Thirty years ago today, a violent blast of cold air crashed down from a thunderstorm’s clouds above Andrews Air Force Base. As the so-called microburst slammed into the ground and fanned out in all directions, the wind speed was clocked at 149 mph (at the time, the highest-ever measured wind speed by an anemometer).
Just six minutes before this wind gust was measured, Air Force One had landed at Andrews, with President Ronald Reagan aboard. His timing was extraordinarily fortunate.
“The pilot was aware of storms in the area, but apparently no warning had been issued of possible wind shear – sudden reversals of wind direction,” describes a 1984 account from the New York Times. “The plane landed on a dry runway and was parked before the microburst struck.”
Microbursts have been linked to numerous aviation accidents. Their winds are often comparable to or even more powerful than those in tornadoes, reaching speeds of 80-100 mph or higher. They’re especially hazardous for aircraft during take-off and landing, as they involve sudden changes in wind speed and/or direction.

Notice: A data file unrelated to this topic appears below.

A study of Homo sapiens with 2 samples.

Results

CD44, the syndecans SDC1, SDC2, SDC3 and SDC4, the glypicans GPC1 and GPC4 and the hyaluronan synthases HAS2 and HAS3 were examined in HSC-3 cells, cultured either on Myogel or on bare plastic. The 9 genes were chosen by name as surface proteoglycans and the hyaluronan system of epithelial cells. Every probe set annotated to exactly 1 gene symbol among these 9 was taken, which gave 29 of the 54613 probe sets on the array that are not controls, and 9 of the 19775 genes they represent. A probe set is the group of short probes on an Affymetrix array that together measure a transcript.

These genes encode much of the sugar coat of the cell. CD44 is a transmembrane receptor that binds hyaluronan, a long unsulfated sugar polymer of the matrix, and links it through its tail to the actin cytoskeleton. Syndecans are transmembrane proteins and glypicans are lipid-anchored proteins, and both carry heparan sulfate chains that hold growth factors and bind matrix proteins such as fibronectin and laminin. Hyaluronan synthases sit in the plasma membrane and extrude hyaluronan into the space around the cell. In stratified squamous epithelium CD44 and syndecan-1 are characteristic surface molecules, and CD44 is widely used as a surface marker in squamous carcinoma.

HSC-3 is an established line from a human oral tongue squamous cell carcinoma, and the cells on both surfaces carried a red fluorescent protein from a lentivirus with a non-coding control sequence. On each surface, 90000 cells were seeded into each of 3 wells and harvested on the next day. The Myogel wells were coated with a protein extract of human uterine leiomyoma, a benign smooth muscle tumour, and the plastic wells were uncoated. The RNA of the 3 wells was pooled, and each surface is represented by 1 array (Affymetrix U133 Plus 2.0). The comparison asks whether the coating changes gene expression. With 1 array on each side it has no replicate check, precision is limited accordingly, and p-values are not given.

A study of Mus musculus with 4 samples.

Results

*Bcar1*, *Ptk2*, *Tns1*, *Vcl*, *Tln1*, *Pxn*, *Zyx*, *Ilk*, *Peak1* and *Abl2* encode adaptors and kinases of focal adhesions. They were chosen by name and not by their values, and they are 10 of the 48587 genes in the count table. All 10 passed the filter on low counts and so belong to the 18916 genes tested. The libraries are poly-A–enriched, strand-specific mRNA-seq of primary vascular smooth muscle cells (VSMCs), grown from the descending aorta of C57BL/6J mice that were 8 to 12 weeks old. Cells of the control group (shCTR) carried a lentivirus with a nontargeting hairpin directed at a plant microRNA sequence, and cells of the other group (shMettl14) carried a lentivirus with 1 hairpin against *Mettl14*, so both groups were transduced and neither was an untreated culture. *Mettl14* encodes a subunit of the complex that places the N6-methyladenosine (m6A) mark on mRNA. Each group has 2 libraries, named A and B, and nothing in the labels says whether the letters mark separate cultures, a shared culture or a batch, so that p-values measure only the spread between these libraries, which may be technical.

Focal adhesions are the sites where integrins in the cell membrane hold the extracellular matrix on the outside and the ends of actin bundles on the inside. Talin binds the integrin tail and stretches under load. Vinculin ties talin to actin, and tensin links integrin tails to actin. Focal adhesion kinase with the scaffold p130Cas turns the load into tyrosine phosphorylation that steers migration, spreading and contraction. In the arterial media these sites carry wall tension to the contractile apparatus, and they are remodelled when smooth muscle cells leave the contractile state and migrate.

Although they were discovered by University of Chicago scientist Ted Fujita in the 1970s, the concept of microbursts remained controversial into the early 1980s.
“In 1983, the consensus in both aviation and meteorology was that Dr. Ted Fujita’s theory that microbursts existed and were a mortal hazard to aircraft was wrong,” writes Mike Smith, author of “Warnings: The True Story of How Science Tamed the Weather”. “It would be another two years and one day, August 2, 1985, when Delta 191 crashed in Dallas before Dr. Fujita’s theory would be accepted.”
The Delta crash of 1985, which killed 137 people, motivated microburst detection and pilot training initiatives through the Federal Aviation Administration.
“Pilots now train regularly to survive it,” reports a piece from the NY Times in 2005. “Millions of dollars have been spent on sophisticated Doppler radar and sensors to detect it. It is almost certain that thousands of passengers are alive today who never knew – or ever will know – of their potential danger.”
Today, the University Center for Atmospheric Research’s Aviation Application Program continues to develop systems to better to detect these dangerous storms.